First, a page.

By now, most adults have experienced a period of excessive telemarketing calls at one time or another.  While you may hang up or completely ignore them, telemarketing scams are actually more successful than you may think.  Because of this never ending problem, it is very important to keep yourself aware and understand how to identify these scams.  This will help you to elude these financial traps that attempt to pump you for personal information and steal your money. 

For those of you who are not familiar these fraudulent techniques, here are few examples of the most popular telemarketing scams and how they operate:

Credit Cards: This is by far the most frequently attempted telemarketing scam used today.  It is broken down into the following categories:

- Financial issues - A telemarketer calls and notifies you of financial woes.  They typically pretend to be a creditor, requesting payment up front while arranging funds to be directly accessed from your account.  The scam artist may ask for a credit card number, bank account number or a social security number, critical information that should never be given away over the phone. 

- Free gifts - In this variation, a scammer requests a credit card number while offering a free gift in exchange.  You may be told that the gift will be validated after verifying a credit card number.  In truth, if a consumer truly receives a gift, it is likely to have been charged on their own account with more charges to follow.

- Loss protection - A phony telemarketer offers you a credit card with loss protection insurance.  When receiving a call like this, you should know that these additional protection plans are worthless.  If you're curious about adding protection, directly contact your credit card company and learn what they have to offer.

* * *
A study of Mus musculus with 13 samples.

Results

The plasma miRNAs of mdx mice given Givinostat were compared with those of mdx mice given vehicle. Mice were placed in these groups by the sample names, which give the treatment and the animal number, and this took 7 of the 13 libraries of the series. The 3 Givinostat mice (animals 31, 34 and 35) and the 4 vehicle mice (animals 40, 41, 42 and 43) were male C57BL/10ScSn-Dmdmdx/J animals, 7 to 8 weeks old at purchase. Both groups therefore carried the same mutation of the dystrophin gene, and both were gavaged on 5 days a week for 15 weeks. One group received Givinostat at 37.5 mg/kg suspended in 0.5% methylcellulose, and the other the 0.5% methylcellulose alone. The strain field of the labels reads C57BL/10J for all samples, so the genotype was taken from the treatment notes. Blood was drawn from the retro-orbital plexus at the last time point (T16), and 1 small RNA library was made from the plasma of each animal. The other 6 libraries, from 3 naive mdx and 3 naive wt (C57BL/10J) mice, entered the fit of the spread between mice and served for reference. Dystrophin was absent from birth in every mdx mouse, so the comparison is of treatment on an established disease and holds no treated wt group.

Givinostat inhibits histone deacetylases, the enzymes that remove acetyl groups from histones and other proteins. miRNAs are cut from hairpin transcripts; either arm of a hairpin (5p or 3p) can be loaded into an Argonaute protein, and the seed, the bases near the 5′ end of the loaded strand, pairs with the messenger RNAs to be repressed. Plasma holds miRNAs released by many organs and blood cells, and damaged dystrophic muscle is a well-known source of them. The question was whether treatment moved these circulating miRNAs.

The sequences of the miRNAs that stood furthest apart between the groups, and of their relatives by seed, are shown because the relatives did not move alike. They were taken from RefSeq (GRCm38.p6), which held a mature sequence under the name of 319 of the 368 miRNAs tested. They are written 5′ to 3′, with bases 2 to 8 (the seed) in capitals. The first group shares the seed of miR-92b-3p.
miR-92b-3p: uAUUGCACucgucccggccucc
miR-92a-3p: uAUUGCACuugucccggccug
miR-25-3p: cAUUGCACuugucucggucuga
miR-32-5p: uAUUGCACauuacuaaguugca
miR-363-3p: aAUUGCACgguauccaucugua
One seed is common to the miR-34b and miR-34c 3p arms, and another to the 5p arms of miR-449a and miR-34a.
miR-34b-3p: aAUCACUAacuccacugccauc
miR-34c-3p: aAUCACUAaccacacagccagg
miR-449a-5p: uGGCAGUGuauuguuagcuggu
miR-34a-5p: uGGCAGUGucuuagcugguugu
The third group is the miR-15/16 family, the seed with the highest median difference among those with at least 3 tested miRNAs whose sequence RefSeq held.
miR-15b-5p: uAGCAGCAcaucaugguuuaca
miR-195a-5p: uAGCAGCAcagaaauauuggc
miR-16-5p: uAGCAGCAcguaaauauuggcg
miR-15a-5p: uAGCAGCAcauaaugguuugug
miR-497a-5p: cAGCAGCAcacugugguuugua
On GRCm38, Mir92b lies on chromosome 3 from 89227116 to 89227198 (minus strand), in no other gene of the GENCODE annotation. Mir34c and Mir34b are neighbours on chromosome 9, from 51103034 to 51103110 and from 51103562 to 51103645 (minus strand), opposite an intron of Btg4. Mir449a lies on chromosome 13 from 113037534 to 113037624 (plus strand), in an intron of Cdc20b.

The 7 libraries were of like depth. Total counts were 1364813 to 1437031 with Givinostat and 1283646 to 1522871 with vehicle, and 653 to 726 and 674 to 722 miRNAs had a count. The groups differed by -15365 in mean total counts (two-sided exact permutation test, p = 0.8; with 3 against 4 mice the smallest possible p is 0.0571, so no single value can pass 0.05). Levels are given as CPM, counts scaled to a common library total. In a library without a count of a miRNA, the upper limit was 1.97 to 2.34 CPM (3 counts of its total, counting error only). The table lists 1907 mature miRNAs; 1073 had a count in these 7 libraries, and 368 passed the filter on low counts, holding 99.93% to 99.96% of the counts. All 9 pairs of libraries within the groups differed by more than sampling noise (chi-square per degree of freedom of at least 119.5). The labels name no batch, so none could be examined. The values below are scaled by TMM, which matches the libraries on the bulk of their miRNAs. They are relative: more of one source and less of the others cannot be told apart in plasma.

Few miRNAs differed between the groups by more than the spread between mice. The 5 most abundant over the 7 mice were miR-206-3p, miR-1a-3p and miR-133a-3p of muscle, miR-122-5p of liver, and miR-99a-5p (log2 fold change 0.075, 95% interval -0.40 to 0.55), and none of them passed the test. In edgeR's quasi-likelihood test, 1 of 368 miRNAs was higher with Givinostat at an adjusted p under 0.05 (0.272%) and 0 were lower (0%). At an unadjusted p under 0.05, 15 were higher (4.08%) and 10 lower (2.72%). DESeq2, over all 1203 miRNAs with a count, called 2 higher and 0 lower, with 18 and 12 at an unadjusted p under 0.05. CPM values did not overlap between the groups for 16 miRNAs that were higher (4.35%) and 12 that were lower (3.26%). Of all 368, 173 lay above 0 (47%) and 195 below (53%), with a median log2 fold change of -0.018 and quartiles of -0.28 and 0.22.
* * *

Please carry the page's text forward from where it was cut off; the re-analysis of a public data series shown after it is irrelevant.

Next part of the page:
Investment scans:    This type of scam focuses on the "big dreamer".  It promises an unbelievable return to those willing to invest their money in precious items such gold, silver, rare coins, vintage stamps, and even oil well leases.  At the prices a scammer will offer, these deals are too good to be true.  Never purchase anything over the phone from someone you don't know or any service you did not request. 

Lottery scams:    In this scam, a telemarketer calls to tell a consumer of a rare opportunity to win thousands of dollars in lottery prize drawing.  They are then swindled into purchasing high stakes in the competition to increase the chance at winning.  Though it sounds tempting, this is merely another telemarketing scam. 

Many other telemarketing scams exist from work-at-home schemes to product assembly services.  The best approach against this crime is to never make purchases over the telephone unless it was you that initiated the contact.  You can also elude these dangerous situations by registering your phone number with FTC's Do Not Call Registry, a national service that will not cost you a penny.  According to federal law, telemarketing agencies are required to maintain their own Do Not Call list, in which they must fulfill when a user makes that request.   

Many other telemarketing scams exist from work-at-home schemes to product assembly services.  The best approach against this crime is to never make purchases over the telephone unless it was you that initiated the contact.  You can also elude these dangerous situations by registering your phone number with FTC's Do Not Call Registry, a national service that will not cost you a penny. According to federal law, telemarketing agencies are required to maintain their own Do Not Call list, in which they must fulfill when a user makes that request.

 


Identity theft costs business and individuals $53 billion dollars annually

In 2003, Americans spent 300 million hours resolving issues related to identity theft.

70% of all identity theft cases are perpetrated by a co-worker or employee of an affiliated business.